Stocks Pare Losses at Close

The major averages rebounded some in the final minutes of trading, but finished lower. Frank Curzio discusses the day in The Real Story video above.

The major indices in New York cut losses in half in the final minutes of trading Wednesday but still closed lower as stocks took a breather after two days of advances.

The midweek declines came as ADP reported worse-than-expected private sector unemployment data;

Fed

Chairman Ben Bernanke urged Congress to mind the deficit; and energy stocks sold off due to inventory build and a dim outlook from

Valero Energy

(VLO) - Get Report

The

Dow Jones Industrial Average

fell 65.63 points, or 0.8%, to 8675.24, while the

S&P 500

declined 12.98 points, or 1.4%, to 931.76. The

Nasdaq

gave up 10.88 points, or 0.6%, to 1825.92.

Alcoa

(AA) - Get Report

and

DuPont

(DD) - Get Report

were the worst performers on the Dow, losing 4.3% and 3.9%, respectively.

Microsoft

(MSFT) - Get Report

,

McDonald's

(MCD) - Get Report

and

Wal-Mart

(WMT) - Get Report

all managed to gain more than 1%.

Crude oil futures dipped $2.43 to settle at $66.12 a barrel, and oil stocks were largely lower after the U.S. Energy Information Administration reported that domestic crude inventories rose 2.9 million barrels to about 366 million barrels. That's in comparison to an expected drawdown of 1 million to 2 million barrels.

That news came as refiner Valero Energy forecast a loss of 50 cents a share in the second quarter while analysts had predicted a profit of 41 cents a share. Valero also said it would issue 40 million shares of stock to raise about $750 million.

Valero fell about 18%.

BP

(BP) - Get Report

gave up 3%;

ConocoPhillips

(COP) - Get Report

lost 4.8%; and

Chesapeake Energy

(CHK) - Get Report

fell 5.8%.

The major indices extended losses somewhat after Bernanke testified before the House Budget Committee, saying that "maintaining the confidence in the financial markets requires that we begin planning now for the restoration of fiscal balance."

"He is concerned as am I and as are most people about the long-term fiscal budget implications, and is trying politely to tell Congress we're going to have to make difficult choices," says Michael Strauss, chief economist with Commonfund.

The Fed chairman had somewhat promising words for consumer spending and housing despite a continually bleak employment outlook. But there were enough caveats to keep caution in the air.

Bernanke said that sizable job losses and further increases in unemployment are likely over the next few months, although data show the pace of the economic contraction may be slowing.

"We continue to expect overall economic activity to bottom out, and then to turn up later this year," said Bernanke in his prepared remarks. "Our assessments that consumer spending and housing demand will stabilize and that the pace of inventory liquidation will slow are key building blocks of that forecast."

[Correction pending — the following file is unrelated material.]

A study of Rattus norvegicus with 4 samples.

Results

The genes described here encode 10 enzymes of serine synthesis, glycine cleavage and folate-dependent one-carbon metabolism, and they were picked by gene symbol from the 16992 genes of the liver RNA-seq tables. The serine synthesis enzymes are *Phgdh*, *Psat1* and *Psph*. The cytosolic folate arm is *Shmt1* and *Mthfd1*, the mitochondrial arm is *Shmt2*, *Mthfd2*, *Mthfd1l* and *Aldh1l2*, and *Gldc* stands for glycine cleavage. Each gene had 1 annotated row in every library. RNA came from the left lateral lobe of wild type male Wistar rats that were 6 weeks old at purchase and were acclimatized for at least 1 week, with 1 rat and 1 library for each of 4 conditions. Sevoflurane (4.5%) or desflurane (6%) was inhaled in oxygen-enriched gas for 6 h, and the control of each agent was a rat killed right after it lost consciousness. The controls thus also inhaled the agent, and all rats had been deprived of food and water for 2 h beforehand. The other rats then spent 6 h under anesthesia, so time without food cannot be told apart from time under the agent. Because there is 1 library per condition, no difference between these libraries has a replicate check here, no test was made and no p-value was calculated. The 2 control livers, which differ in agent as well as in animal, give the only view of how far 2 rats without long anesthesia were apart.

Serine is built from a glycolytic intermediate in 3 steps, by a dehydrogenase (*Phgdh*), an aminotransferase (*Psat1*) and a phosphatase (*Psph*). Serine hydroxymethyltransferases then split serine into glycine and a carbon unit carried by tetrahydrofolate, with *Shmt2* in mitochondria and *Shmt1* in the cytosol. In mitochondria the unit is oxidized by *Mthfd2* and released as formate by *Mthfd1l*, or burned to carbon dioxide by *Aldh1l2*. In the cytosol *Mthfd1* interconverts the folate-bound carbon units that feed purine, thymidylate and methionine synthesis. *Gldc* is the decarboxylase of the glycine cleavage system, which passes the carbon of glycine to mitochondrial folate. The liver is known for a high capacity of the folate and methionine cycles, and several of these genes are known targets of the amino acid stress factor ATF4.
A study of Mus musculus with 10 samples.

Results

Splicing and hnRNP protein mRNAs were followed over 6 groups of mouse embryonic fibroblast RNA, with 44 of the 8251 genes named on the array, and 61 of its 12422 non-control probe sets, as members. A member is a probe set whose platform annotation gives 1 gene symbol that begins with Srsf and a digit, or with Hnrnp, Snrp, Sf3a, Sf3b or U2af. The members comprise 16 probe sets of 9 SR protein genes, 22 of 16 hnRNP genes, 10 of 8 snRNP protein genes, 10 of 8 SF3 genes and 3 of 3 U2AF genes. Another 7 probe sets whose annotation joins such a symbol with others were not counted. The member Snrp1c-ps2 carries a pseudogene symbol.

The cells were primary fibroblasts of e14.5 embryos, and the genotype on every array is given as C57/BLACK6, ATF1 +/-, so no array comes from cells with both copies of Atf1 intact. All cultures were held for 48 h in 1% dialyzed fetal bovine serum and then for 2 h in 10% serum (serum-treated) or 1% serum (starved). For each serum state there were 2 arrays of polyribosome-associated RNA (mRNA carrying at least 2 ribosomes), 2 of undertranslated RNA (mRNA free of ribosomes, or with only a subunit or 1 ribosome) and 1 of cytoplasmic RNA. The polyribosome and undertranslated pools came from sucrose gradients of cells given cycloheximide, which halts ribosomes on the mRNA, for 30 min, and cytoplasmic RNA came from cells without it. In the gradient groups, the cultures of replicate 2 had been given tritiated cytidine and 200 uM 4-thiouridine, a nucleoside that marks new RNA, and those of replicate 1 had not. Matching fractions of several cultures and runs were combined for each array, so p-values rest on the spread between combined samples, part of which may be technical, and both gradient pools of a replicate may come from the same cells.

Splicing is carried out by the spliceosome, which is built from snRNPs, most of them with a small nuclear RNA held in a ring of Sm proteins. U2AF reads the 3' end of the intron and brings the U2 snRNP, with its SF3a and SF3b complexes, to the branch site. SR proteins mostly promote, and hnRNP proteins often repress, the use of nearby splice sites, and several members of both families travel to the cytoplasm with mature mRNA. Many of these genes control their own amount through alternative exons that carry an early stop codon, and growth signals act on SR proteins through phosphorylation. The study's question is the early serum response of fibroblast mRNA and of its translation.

Investors had a plate of economic data to chew on with Bernanke's remarks. At 10 a.m. the Institute for Supply Management said its non-manufacturing index increased just slightly less than expected to 44 in May, up from 43.7 in April.

At the same time, the Department of Commerce released data showing that factory orders were up 0.7% in April, also just less than expected, after a 1.9% decline the month prior.

Earlier in the day, ADP reported that unemployment in the private sector rose more than expected last month, estimating that the economy shed 532,000 jobs. That's down from an upwardly revised 545,000 in April and more than the 525,000 anticipated.

The major indices advanced earlier in the week despite a pullback in financials related to a slate of offerings designed to help banks raise capital and pay back TARP.

The Fed surprised banks, including those that passed the stress test without needing more capital, with capital requirements that must be met in order to pay back TARP funds.

JPMorgan Chase

(JPM) - Get Report

and

American Express

(AXP) - Get Report

are among those needing to boost capital despite passing the test.

In other bank news, JPMorgan plans to shut down the hedge fund business and private-equity division of its principal investment management group.

In corporate news, luxury homebuilder

Toll Brothers

(TOL) - Get Report

reported a slightly wider than expected loss of 52 cents a share for the second quarter, including a 48 cents-a-share pretax writedown. CEO Robert Toll said it "appears that some buyers are beginning to re-enter the new home market."

Toll Brothers fell 6.6%, however, and housing stocks pulled back sharply after rising on much better-than-expected pending home sales data earlier in the week. It didn't help that the Mortgage Bankers Association reported that mortgage applications in the U.S. fell 16% last week as the biggest jump in mortgage rates in seven months kept refinancing down.

KB Home

(KBH) - Get Report

lost 6.3%;

Pulte Homes

(PHM) - Get Report

fell 4.2%;

Centex

(CTX)

retracted 4.9%; and

Lennar

(LEN) - Get Report

shed 5.1%.

As for autos,

Chrysler

may stay in bankruptcy protection several days longer than expected, and

GM

(GMGMQ)

confimed the sale of Hummer to

Sichuan Tengzhong Heavy Industrial Machinery Co.

Gold fell $18.80 to $965.60. The dollar was recently stronger vs. the yen, and losing ground against the pound and euro.

Longer-dated Treasuries were rising; the 10-year gained 21/32, yielding 3.53%, and the 30-year gained 22/32, to yield 4.44%.

Stocks overseas were mixed. In Europe, London's FTSE 100 and Frankfurt's Dax lost 2.1% and 1.7%, respectively. But in Asia, Japan's Nikkei and Hong Kong's Hang Seng added 0.4% and 1%, respectively.